A special needs trust is a fiduciary relationship in which persons with developmental disabilities hold legal rights to the benefits of the property contained therein. Individuals planning to convey long-term financial resources to persons with special needs without jeopardizing their eligibility for public benefits resort to using special needs trusts.
Creating a special needs trust is done using one of three different approaches – a grant in a will, an agreement among the parties, or a court decree. The three parties involved in a special needs trust are the creator (also known as the settlor), the trustee, and the beneficiary.
A special needs trust aims to provide long-term economic support to its beneficiary through the funding of financial resources to meet medical care costs and disability expenses or to help offset lost or diminished lifetime earnings.
In a special needs trust, a beneficiary holds the legal rights to the property while at the same time benefiting from state or federal-specific benefits.
As with any other trust, a special needs trust includes the creator or settlor, who creates the trust, the trustee who is legally capable of holding the title and handling money, and the beneficiary who receives the trust’s benefits.
Only the undistributed income in a special needs trust is taxed because the distributed income is taxed at the beneficiary’s income level.
Understanding a Special Needs Trust
Although federal-state benefits that are provided through various programs are available to people with developmental disabilities or chronic diseases, sometimes the services are insufficient. Usually, such programs provide for the bare essentials, leaving out other necessities that strain family financial resources. As a result, a special needs trust can be created to address the needs of people with developmental disabilities over the long term while maximizing financial resources.
Integral to the trust’s objective is the social protection of people with special needs by providing supplementary care and services. The costs to support a person with special needs is usually outside the financial reach of many families. As a result, an interested party may create a special needs trust to supplement, but not replace, government-sponsored services.
Legal Structure of a Special Needs Trust
A special needs trust is classified under common law as an irrevocable trust. Therefore, creators must consider the provisions of common law when creating a special needs trust by ensuring it is not against public policy or basic laws.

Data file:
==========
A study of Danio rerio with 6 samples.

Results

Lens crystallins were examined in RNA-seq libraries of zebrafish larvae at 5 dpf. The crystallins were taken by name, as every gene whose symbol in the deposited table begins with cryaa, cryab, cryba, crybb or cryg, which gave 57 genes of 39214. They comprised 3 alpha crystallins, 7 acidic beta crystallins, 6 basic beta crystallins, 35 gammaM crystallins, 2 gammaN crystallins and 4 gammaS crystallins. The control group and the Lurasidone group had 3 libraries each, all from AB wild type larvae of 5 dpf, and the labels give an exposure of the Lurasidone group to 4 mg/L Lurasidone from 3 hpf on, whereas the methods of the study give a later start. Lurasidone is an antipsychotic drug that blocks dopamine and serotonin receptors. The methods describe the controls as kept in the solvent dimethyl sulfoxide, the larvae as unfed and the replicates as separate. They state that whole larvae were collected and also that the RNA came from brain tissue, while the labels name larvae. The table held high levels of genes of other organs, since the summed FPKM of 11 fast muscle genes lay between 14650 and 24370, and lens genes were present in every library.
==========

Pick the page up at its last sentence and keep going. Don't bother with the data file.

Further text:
A special needs trust is created by implication and operation of law; hence, it does not necessarily need to be evidenced in writing. The essence of a special needs trust is the law’s presumption that the holder of the legal title does not hold the property personally but within the trust.
However, a special needs trust must be in written form in some jurisdictions as a requirement of the statute of frauds. The funds pooled in the trust can be used to benefit minors and beneficiaries with developmental disabilities, as well as to protect assets.
Creating a Special Needs Trust
A special needs trust can be formed by any individual legally capable of making a contract. The contractual terms of a special needs trust must define the specific property. A special needs trust whose property is not yet in existence or not yet acquired cannot be valid in law.
The trust must include a trustee who is capable of handling property or holding the title of the property on behalf of the beneficiary. If the creator neglects to appoint a trustee or the chosen trustee does not qualify or declines to serve, a court may be forced to select a trustee as either an individual or an institution.
The trustee is required to execute the purpose of the trust, exercise utmost loyalty to the beneficiary, and administer complementary needs to beneficiaries.
Types of Special Needs Trusts
The two broad classes of special needs trusts based on the funding method are:
1. Third-party special needs trust
A third-party special needs trust is created and funded by an individual who is not the beneficiary. It is funded with assets from a third party. Federal law requires that such types of trusts be created by a guardian, parent, grandparent, or the court. The resources are transferred to the trust for the benefit of the individual with the disability.
2. Self-settled special needs trust
In a self-settled special needs trust, assets are contributed by the beneficiaries, which are used to fund their long-term needs. An example is when a beneficiary benefits from a personal injury settlement while funding the trust.
Taxation of a Special Needs Trust
A special needs trust is taxed as a pass-through entity since most of them are third-party entities. In such a way, a special needs trust must disclose its earnings by filing tax returns every year.
Any contributions channeled to the beneficiaries are deducted from the earnings. By doing so, the trust does not incur any income tax on its earnings as long as they are passed on to the beneficiaries. The remaining and undistributed income is taxed, which is charged and submitted to the tax authority.